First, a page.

Moles are a very common type of skin growth or lesion. They often appear as small, dark brown spots and are composed of clusters of pigmented cells. Moles generally appear during childhood and adolescence. Most people have 10 to 40 moles, some of which may change in appearance or fade away over time.
Most moles are harmless. Rarely, they become cancerous. Monitoring moles and other pigmented patches is an important step in detecting skin cancer, especially malignant melanoma.
The medical term for a mole is a naevus – or the plural is naevi.
It's normal for:
- babies to be born with moles
- new moles to appear – especially in children and teenagers
- moles to fade or disappear as you get older
- moles to get slightly darker during pregnancy
It's important to get a new or existing mole checked out if it:
- changes shape or looks uneven
- changes colour, gets darker or has more than 2 colours
- starts itching, crusting, flaking or bleeding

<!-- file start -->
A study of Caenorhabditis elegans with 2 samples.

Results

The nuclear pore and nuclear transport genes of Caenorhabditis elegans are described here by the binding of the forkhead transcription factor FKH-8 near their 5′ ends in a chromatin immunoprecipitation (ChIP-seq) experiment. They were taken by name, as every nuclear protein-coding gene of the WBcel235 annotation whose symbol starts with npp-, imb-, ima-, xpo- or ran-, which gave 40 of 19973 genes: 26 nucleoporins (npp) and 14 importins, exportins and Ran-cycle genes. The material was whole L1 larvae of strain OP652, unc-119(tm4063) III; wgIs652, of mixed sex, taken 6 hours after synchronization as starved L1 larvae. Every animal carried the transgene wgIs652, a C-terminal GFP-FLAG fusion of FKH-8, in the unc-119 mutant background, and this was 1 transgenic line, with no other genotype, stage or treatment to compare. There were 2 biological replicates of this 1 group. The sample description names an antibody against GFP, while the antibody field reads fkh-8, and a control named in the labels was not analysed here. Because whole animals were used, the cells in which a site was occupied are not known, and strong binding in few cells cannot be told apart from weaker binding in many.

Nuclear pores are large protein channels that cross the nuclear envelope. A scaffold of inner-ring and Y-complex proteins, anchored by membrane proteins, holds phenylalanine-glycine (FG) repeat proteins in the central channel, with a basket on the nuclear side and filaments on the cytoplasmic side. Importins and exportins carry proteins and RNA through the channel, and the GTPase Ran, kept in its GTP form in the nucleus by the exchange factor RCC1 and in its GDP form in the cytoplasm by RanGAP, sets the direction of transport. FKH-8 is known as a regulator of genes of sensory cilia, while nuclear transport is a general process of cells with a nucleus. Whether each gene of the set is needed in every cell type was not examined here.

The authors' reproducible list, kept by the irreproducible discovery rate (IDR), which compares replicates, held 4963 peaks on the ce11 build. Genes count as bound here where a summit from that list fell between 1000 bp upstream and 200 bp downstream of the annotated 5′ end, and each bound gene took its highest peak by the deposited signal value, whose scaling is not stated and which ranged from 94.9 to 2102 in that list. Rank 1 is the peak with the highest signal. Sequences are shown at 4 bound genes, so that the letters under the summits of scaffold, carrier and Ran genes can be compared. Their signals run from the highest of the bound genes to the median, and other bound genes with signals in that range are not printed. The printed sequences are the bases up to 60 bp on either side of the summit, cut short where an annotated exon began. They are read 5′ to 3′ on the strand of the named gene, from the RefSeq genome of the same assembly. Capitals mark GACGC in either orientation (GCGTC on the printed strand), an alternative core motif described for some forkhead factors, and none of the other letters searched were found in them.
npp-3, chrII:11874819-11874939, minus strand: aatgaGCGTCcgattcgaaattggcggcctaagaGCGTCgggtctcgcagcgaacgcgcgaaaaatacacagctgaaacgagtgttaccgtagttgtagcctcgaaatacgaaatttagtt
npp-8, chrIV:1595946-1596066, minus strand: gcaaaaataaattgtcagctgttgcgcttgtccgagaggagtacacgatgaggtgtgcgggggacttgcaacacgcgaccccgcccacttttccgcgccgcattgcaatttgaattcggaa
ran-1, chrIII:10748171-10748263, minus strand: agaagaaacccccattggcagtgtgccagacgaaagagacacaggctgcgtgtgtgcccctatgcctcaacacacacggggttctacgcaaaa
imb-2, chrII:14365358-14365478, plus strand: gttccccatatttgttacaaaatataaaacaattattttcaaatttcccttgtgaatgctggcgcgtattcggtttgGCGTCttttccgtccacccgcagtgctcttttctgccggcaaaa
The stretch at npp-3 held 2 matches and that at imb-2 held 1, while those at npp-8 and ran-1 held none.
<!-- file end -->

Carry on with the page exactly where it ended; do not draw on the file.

- gets larger or more raised from the skin
These changes can happen over weeks or months. They're sometimes a sign of melanoma, a type of skin cancer.
Atypical moles, also known as dysplastic nevi, are unusual-looking moles that have irregular features under the microscope. Though benign, they are worth more of your attention because individuals with atypical moles are at increased risk for melanoma, a dangerous skin cancer.
An atypical mole can occur anywhere on the body. The appearance of these moles can vary greatly. The best advice is to know your skin. Keep track of any and all moles you may have, to give you the best chance to spot anything new, changing or unusual and bring it to the attention of your dermatologist.